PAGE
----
April 10, 2014
Peter and Jane and Miriam and Penguin take on art, copyright, crucifixes, and dead rabbits
by Wah-Ming Chang
Peter and Jane are brother and sister.
Miriam and Ezra are sister and brother.
Peter and Jane’s mother loves art.
Miriam and Ezra make art.
Peter and Jane learn about new words.
Miriam and Ezra make fun of Peter and Jane learning about new words.
Miriam is Miriam Elia, and Ezra is Ezra Elia. In 2013, their Kickstarter campaign helped put out one thousand copies of We Go to the Gallery, the first in their series of satirical re-creations of the thirty-six-volume Peter and Jane books originally published in the 1960s in the Ladybird Key Words Reading Scheme. In the Elias’ version, the beloved siblings, whose middle-class adventures landed them in the hearts and minds of complacent parents and children, are taken to a gallery and puzzle over contemporary art. They encounter empty spaces, dead rabbits, giant vaginas, and God. Among the key words repeatedly called out, as is done in the original series, is “confused.”
The Cob Gallery, which has showcased Miriam’s past work, has sold most of the Elias’ Harlequin Ladybird series in select stores and at art fairs. But, as Hyperallergic reports, Penguin UK is demanding that these new adventures and key words cease, desist, and be pulped, citing copyright infringement and a moral claim against the “adult content.”
Miriam tells Hyperallergic:
I will not bend to [Penguin’s] depravity. If they succeed, then all the satirical tradition of modern art, which is rich with the joyful subversion of pop cultural icons and brands from Picasso to Lichtenstein, lurks in thrall to the whims of corporate enterprise, and its army of devoted lawyers. They will never find the books they seek to pulp, and if they take me to court, I will fight them, however long the battle takes.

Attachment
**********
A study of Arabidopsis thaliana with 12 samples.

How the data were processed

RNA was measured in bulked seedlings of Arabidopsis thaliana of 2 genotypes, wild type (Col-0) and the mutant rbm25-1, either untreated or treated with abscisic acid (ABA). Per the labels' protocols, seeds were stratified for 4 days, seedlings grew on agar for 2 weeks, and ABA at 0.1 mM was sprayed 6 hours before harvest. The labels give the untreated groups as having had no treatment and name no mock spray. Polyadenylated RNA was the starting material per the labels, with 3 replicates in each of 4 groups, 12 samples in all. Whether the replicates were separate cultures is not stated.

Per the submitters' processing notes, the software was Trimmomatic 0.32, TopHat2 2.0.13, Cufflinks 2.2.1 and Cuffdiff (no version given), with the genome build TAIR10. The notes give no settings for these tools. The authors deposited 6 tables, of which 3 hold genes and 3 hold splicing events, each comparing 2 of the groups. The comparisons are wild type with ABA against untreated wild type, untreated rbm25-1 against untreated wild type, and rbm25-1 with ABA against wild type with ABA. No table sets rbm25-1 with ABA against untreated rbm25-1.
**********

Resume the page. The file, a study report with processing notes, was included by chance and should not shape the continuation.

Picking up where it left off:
Most are on Miriam’s side of this battle, including Mark Dolley, whose father was chairman and chief executive of Penguin from 1969 to 1973. In an awesome letter of support, he says: “Both [Allen] Lane [Penguin’s founder] and my father must be rolling over in their graves at Penguin today both missing a commercial opportunity and also making a crass attempt to stifle art. Far from trying to ban her work, both would have offered Ms. Elia a commission.”
NEW WORDS: depravity, thrall, lawyers, crass, stifle.
“Is the art pretty?” says Jane.
Peter sees the painting.
Jane sees the painting.
Peter and Jane see the statement.
The man is a woman.
The canvas is blank.
“Look!” says Peter. “The rabbit is dead.”
“Look!” says Peter. “The rabbit is cut in half.”
Jane sees the crucifixes.
There is nothing in the room.
Wah-Ming Chang was the managing editor of Melville House.